PART of the universal appeal of long-running sitcom The Simpsons is that it pokes fun at everyone, even America itself.
This self-deprecation means no one else is off limits, and national stereotypes – including the Irish – are occasionally the basis for jokes in the enduring series.
However the humour is rarely if ever offensive, and there is often an element of satire behind the joke.
So in honour of the cartoon’s 600th episode – which airs in America this Sunday – we have compiled our top Irish moments from The Simpsons.
Springfield’s annual holiday Whacking Day – which sees townsfolk club snakes to death – wasn’t just a spoof of the St Patrick story but was invented in the 1920s as an excuse to beat up the Irish. As the Irishman in the crowd confirms: “'Tis true. I took many a lump! But 'twas all in fun."
Curmudgeonly Grandpa Simpson later reveals how he also “chased the Irish out of Springfield Village in aught-four”. “And a fine job ye did too,” helpfully chimes in the same Irishman.
Grandpa also recalls the last time Springfield had a meteor shower they thought the sky was on fire. “Naturally, we blamed it on the Irish,” he says. “We hanged more than a few.”
These weren’t the only times the sitcom acknowledged the anti-Irish sentiment immigrants experienced in the late 19th and early 20th centuries. Mr Burns recalls with glee the time when, as a young lad, he crippled an Irishman.
NO IRISH NEED APPLY
Meanwhile Moe’s Tavern also had this sign on display on St Patrick’s Day.
Barney Gumble was inducted into Homer’s band the B Sharps after Homer heard his beautiful rendition of Too Ra Loo Ra Loo Ral. Barney also sang Irish classic Danny Boy following the closure of Moe’s Tavern.
Marge enrolled Bart in St Jerome’s Catholic School, only for resident Irish priest Father Sean (Liam Neeson) to convert both Bart and Homer. As Simpson Snr exclaims: “Once you go Vatican, you can't go back again!”
Homer famously tried to hijack a U2 concert to promote his bid to become Springfield’s sanitation commissioner, successfully sneaking backstage disguised as the band’s Potato Man.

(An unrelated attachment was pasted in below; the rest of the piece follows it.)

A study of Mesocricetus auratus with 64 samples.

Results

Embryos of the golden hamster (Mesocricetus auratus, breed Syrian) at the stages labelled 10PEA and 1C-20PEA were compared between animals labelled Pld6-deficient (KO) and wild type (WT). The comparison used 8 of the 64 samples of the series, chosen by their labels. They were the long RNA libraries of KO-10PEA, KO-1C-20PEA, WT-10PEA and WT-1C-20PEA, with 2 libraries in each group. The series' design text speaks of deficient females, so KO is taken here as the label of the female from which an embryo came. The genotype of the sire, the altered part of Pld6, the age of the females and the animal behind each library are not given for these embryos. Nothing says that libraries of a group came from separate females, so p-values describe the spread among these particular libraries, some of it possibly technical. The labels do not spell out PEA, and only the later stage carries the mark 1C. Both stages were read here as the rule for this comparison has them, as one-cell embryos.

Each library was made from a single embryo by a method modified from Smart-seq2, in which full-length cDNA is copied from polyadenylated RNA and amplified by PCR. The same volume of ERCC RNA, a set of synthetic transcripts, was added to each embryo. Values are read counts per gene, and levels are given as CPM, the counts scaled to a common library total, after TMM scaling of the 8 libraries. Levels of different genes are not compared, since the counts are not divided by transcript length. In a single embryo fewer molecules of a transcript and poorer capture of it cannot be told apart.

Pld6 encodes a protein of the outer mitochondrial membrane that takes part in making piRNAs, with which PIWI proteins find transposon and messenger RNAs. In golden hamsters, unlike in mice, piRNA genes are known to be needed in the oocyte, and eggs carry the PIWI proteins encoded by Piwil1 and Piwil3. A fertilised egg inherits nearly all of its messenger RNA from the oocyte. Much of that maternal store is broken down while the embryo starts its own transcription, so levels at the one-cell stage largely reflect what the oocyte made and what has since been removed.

Epitomising the drinkfest that St Patrick’s Day has become, an impatient Homer moans outside Moe’s Tavern: “Awww, it’s been St Patrick’s Day for hours and I’m still not drunk yet! It’s never gonna be 9 o’clock!"
News anchor Kent Brockman puts an Irish spin on his name while he reports live as Springfield’s St Patrick’s Day celebrations take a violent turn: “Ladies and gentlemen, what you are seeing is a total disregard for the things St Patrick's Day stands for. All this drinking, violence, destruction of property – are these the things we think of when we think of the Irish?”
HEAD OF STATE
A little worse for wear on St Patrick’s Day, Homer gives Enda Kenny a run for his money by putting a barrel on his head and telling the rest of the bar: “Hey, look at me! I’m the Prime Minister of Ireland!”
The town’s annual procession on March 17 includes floats such as ‘2000 Years of Irish Cops’ and ‘Drunken Irish Novelists of Springfield’.
Although a later episode’s alcohol-free St Patrick’s Day floats poked fun at the Catholic Church’s views on contraception and broken clergy vows.
It was revealed that Ralph Wiggum had a penchant for starting fires, driven on by an imaginary evil leprechaun.
Lisa tried to bring Irish from either side of the border together, only for her attempts to end in a riot. "This was such a pleasant St Patrick's Day until the Irish people showed up," laments Marge.
SIMPSONS GO GREEN
And of course last but not least, there was the time the Simpson family spent a whole episode in Ireland.